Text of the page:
Three tips for email overload

Three tips for email overload

When Monday comes around (or anytime you look at a device to check emails) do you dread opening your inbox because you don’t want to be bombarded with the hundreds of emails at a time? Are you afraid of all the asks and requests that are going to be waiting for you as soon as you switch the computer on?

Email overload is a real issue, believe me after a week going from 50 to 5 I know the feeling too well. The thing is that the longer you put off opening your inbox, the worse it can and will be. And you don’t even want to contemplate what is waiting for you when you return from a holiday! Those emails will pile up and pile up…along with your stress and anxiety.

Here are three useful tips I use that might help ensure you won’t be a slave to your inbox and minimise the email overload you face.

  1. Manage expectations

In any situation where overload occurs, managing others (and your own) expectations should be your first priority. Managing expectations will not only help you to reduce your stress levels it will also ensure that others relying on you can keep moving forward and not be waiting for you to complete the task that they have asked of you.

We rely heavily on emails to get work done and our expectations quite often are to expect an immediate reply. However, that puts a lot of unnecessary pressure on you, particularly when you are busy, as others may expect you to jump as soon as you receive the request.

It is up to you to manage their expectations and let them know when they can expect a response.

In peak times of work, I often use an autoresponder to immediately notify people that I will respond within 24-48 hours, during specified hours of operation for clarification to avoid any further confusion. Make it clear that you will not reply to them at 7 pm on a Sunday evening via an autoresponder, so there are no misunderstandings regarding your work methodologies.

  1. Is it a quick reply to action or a task?

After seeing Dermot Crowley speak last year at the Clariden Global, 4th Annual Australia National EA/PA Conference about time management and email overflow strategies he covers in his award-winning book Smart Work, I decided to put them into practice.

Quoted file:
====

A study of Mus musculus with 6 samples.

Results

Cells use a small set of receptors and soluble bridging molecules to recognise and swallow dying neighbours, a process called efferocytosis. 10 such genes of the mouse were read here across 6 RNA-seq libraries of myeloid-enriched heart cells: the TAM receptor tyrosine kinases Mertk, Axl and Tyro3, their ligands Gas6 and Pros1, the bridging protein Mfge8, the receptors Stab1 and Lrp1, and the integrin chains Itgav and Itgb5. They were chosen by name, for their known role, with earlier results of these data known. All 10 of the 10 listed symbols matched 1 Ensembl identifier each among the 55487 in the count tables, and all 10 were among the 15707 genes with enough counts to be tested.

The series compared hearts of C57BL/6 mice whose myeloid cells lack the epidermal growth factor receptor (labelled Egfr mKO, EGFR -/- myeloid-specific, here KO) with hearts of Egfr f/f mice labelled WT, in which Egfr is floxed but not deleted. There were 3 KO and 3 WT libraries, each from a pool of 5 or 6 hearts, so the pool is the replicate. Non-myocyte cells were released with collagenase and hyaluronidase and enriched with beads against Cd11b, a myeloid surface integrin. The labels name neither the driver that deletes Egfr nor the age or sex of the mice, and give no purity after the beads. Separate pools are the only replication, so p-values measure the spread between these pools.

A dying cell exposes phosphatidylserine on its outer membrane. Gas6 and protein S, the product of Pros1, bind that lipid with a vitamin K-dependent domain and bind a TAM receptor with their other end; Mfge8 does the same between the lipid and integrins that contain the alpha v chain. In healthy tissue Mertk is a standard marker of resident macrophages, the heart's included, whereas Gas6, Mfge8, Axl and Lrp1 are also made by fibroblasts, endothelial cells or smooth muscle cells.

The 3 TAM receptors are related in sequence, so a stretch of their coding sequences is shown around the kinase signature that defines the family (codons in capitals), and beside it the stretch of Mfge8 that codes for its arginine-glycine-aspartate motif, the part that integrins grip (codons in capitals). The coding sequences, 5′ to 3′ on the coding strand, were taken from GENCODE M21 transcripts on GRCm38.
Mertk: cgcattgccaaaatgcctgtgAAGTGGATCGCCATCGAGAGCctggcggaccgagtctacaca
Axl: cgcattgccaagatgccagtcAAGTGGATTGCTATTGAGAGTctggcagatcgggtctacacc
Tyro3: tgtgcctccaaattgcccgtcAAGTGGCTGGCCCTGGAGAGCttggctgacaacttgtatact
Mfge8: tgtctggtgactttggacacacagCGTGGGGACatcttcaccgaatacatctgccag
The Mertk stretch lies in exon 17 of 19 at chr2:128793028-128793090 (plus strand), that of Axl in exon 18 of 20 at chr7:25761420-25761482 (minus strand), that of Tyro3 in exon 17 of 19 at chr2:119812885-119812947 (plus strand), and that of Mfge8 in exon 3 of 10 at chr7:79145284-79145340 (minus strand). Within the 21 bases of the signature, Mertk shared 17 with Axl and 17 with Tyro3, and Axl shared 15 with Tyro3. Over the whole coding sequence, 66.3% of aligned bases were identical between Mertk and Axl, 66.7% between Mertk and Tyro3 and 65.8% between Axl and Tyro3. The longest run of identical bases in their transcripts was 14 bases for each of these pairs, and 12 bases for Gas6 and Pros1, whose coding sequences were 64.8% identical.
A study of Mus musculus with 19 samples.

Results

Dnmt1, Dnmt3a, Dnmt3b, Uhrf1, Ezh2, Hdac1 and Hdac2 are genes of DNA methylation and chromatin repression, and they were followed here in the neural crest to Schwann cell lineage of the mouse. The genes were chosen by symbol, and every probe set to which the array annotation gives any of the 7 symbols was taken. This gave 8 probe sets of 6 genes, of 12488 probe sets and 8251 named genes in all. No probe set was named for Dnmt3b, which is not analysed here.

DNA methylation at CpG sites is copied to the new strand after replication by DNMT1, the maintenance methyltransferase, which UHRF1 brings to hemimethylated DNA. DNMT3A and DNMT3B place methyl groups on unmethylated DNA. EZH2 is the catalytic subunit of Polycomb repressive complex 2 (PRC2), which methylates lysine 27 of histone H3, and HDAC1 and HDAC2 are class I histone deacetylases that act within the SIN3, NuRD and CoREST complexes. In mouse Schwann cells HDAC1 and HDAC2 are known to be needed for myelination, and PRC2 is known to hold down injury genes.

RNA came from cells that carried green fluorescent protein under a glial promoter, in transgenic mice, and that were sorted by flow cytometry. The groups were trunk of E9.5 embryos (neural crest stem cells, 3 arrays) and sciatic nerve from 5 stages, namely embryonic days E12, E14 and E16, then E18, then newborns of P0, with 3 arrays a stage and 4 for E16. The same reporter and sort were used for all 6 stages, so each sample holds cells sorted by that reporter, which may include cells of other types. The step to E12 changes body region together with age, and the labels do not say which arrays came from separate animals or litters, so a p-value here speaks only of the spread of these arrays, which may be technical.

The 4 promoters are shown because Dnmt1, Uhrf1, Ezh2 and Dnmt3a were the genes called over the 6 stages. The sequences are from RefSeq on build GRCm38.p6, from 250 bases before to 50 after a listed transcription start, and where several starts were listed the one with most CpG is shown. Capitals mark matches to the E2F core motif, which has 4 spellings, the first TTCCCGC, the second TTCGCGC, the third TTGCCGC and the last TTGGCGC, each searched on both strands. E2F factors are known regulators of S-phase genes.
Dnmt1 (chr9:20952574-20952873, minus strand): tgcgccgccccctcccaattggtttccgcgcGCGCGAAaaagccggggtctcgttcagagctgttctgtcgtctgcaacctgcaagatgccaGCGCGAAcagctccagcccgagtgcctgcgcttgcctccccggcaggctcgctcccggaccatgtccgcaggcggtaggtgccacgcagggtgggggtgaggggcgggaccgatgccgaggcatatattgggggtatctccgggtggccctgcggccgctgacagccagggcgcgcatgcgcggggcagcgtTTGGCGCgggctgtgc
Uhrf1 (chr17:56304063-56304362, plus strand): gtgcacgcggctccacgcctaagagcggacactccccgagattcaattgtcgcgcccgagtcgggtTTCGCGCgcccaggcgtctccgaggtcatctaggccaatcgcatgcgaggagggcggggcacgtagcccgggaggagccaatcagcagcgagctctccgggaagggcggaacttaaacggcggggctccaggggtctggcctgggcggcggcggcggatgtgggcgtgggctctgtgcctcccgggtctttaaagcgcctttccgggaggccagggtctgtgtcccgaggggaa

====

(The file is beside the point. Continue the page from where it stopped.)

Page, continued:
In short, once an email comes in and you read it, you have a decision to make. Does the email require a simple (or complicated response) – at which point you can add it to your email reply list for that particular day – or do you need to turn the request into a task? If the latter is the case, then schedule it into your calendar to work on and then respond to let them know when they should expect it. Once it has been made into a task file it and move on. Tight deadlines will always happen if there is a tight deadline that you can’t make then some additional shuffling and negotiation to fit it in might need to happen.

Prioritise your workload as you would typically do and set your own boundaries. The aim is to clear your inbox by the end of the day and prioritise whatever tasks come up.

In addition to this, I particularly love this tip from Linda Murray on productivity. Be sure to watch it and always ensure you have time up your sleeve to manage the unexpected.

  1. Block time to respond

To use your time efficiently, another tip is to block specific times to reply to your emails, as well as to check them. On some days, doing it on an ad hoc regular basis can take up more time than it is worth. Try to avoid checking it irregularly throughout the day as that can pull your attention away from another more important task.

If email overload and overwhelm is happening, block out specific times to read your emails (early in the day works as it can help you prioritise how the rest of your day is going to go) and mark time to draft your responses – perhaps later that same morning or whatever works for you. Again, just because you have received an email, does not mean you have to reply instantly.

In the end, everyone works differently. While some of these might work for one person, we know too well it might not for others. To help your sanity and stress levels even trying one of these tips might work for you.

We’d love to hear your tips or if any of these work for you so be sure to share in the comments below!